This article first appeared in CIO Advisor Magazine March 2018

Schools are complex environments and finding the correct contact person to pitch your product to is often elusive.

However, is the school business manager that person? In recent times I’ve noted that software vendors and text-book publishers are telling their sales reps to target school business managers as “they are the key decision-makers” in schools. Many are spending large amounts investing in showcase conferences in order to gain access. I wonder how the business managers would feel about teachers being given charge of the choice and deployment of a new school payroll platform for instance?

In what organisation would the CFO have the final say on an enterprise-wide technology platform over the CEO? Or a CFO, over a CDO? How could you expect a business manager to have the depth of knowledge around the curriculum to know which text-books will facilitate the greatest learning, the depth of knowledge required or assist in boosting engagement levels in the classroom? Ok, that’s an extreme example, as I know it’s a very rare thing to find a textbook that can do any of those things!

However, perhaps it’s time we reflect upon who is making the enterprise decisions in your school, and who drives that process? It’s crucial to have an enterprise-wide focus on the customer’s needs and their journey. The most important objective here is to start with, “who is your customer?” When it comes to classroom technology it is the students themselves who should be the end beneficiary. Where I’ve witnessed Learning Management Systems fail time and time again is when the product is chosen by, managed by and rolled out by the I.T. teams without any input from the teachers, the curriculum designers or students. The students should always have the most to gain from the implementation of technology within the classroom, as it’s not about the device, but the instructional leadership and the assurance that the technology is not just an add-on but truly ubiquitous.

It’s only in recent years that the likes of Google, Apple and Microsoft have even supported the education sector with products and pricing. In my mind, our students are their customers of tomorrow and if you can engage them with products so that they will invest in them (their time, communication, images and their social network interactions etc ), then in all likelihood you have a customer for life. There is one thing however that no one wants and that’s advertising. Both Facebook, and MySpace before them, made this mistake and it’s my guess Instagram is heading in the same direction. For a reasonable and fair price, we’d all rather pay for our platforms to be ad-free, rather than walk away from it, but that wasn’t, and isn’t an option.

In every organisation the executive all need a deep understanding of the “big picture”, the end game, an understanding of the School’s strategic direction, a gauge on the community and the risk analysis with aligning themselves to one of the big three environments, as whilst technology is empowering it can also be disruptive. There needs to be a collective vision for how technology can enhance learning, as isn’t learning the main objective of a school?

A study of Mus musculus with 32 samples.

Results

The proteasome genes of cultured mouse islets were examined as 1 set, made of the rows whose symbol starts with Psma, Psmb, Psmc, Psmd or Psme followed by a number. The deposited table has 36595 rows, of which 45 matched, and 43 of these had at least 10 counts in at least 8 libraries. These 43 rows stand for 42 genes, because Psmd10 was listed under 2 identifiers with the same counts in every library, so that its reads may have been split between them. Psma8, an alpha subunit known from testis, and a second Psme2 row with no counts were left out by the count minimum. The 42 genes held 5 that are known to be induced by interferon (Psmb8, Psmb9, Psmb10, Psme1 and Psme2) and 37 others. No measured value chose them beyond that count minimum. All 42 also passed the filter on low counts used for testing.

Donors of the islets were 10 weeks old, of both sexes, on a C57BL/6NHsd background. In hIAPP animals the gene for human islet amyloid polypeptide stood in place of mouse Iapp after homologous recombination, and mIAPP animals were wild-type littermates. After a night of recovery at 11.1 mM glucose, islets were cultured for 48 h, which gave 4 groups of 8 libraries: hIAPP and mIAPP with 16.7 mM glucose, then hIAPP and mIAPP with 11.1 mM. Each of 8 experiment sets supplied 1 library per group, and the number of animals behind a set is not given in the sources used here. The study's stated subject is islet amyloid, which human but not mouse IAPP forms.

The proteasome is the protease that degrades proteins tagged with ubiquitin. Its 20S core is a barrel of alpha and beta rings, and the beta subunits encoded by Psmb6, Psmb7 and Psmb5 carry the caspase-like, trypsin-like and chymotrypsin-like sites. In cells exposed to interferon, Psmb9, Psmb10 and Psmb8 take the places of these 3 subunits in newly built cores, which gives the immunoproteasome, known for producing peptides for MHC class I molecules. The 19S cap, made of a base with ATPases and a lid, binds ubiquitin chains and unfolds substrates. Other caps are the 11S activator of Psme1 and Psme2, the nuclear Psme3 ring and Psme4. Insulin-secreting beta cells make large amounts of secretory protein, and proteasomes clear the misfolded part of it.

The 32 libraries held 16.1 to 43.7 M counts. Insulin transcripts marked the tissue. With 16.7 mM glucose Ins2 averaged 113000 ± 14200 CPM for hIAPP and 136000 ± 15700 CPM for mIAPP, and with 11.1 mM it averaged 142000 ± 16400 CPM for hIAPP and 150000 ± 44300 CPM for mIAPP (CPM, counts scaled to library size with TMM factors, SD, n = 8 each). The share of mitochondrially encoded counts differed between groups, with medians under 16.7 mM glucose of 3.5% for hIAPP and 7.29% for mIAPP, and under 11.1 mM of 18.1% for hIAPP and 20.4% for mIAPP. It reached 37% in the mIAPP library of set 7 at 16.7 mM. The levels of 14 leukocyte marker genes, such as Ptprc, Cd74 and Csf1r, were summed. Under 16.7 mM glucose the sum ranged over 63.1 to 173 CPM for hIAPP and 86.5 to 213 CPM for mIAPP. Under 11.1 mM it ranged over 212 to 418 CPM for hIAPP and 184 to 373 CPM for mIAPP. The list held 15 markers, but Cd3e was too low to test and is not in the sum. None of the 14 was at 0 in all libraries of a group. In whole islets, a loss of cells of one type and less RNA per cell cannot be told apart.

Principals need a basic understanding of the digital environment in which we now all work and live and I have long lamented the lack of digital and I.T. skills imbued in teacher training qualifications, so unless our educators are prioritising their digital skillset themselves they are unlikely to acquire the knowledge to make decisions without the help and support of others. There is plenty to be said for groups popping up like ETCV (Education Technology Consortium Victoria) who offer all schools, no matter their affiliation or sector, the opportunity to discuss, share, learn and ultimately improve school outcomes through the effective use of technology.

A transformative IT leader needs to continually be driving business success and leveraging technology to support new learning pedagogies and ensuring innovation across the environment. By participating in PLN’s (Professional Learning Networks) leaders have the opportunity to learn from one another and share information across physical networks, as well as virtual e.g. Twitter, Slack groups, MS Teams and online forums such as MITIE. Open and transparent conversations comparing products, and in particular service and support post-sale, and all of this bypassing sales teams & direct contact with vendors. To gain, or perhaps retain competitive advantage, many are also attending events completely outside of their sector so they can ensure that what is happening in their education sphere is reflective of the world their students will soon enter.

So whilst I don’t have all the answers, I know that to succeed as a transformative leader in the digital and technological space we all need to continue providing thought leadership and advice and support to our Principals and Executive Teams. We also need an understanding of external developments, innovations and new trends ensuring our organisations are aware and agile enough to respond to new developments. So if you work in sales and we don’t return your calls, please know that many of us are conducting research online and via our networks and we may already be well aware of your product or service, but the thing that will sell it is the experience of others and the traditional ‘word of mouth’ pitch from a trusted and respected colleague.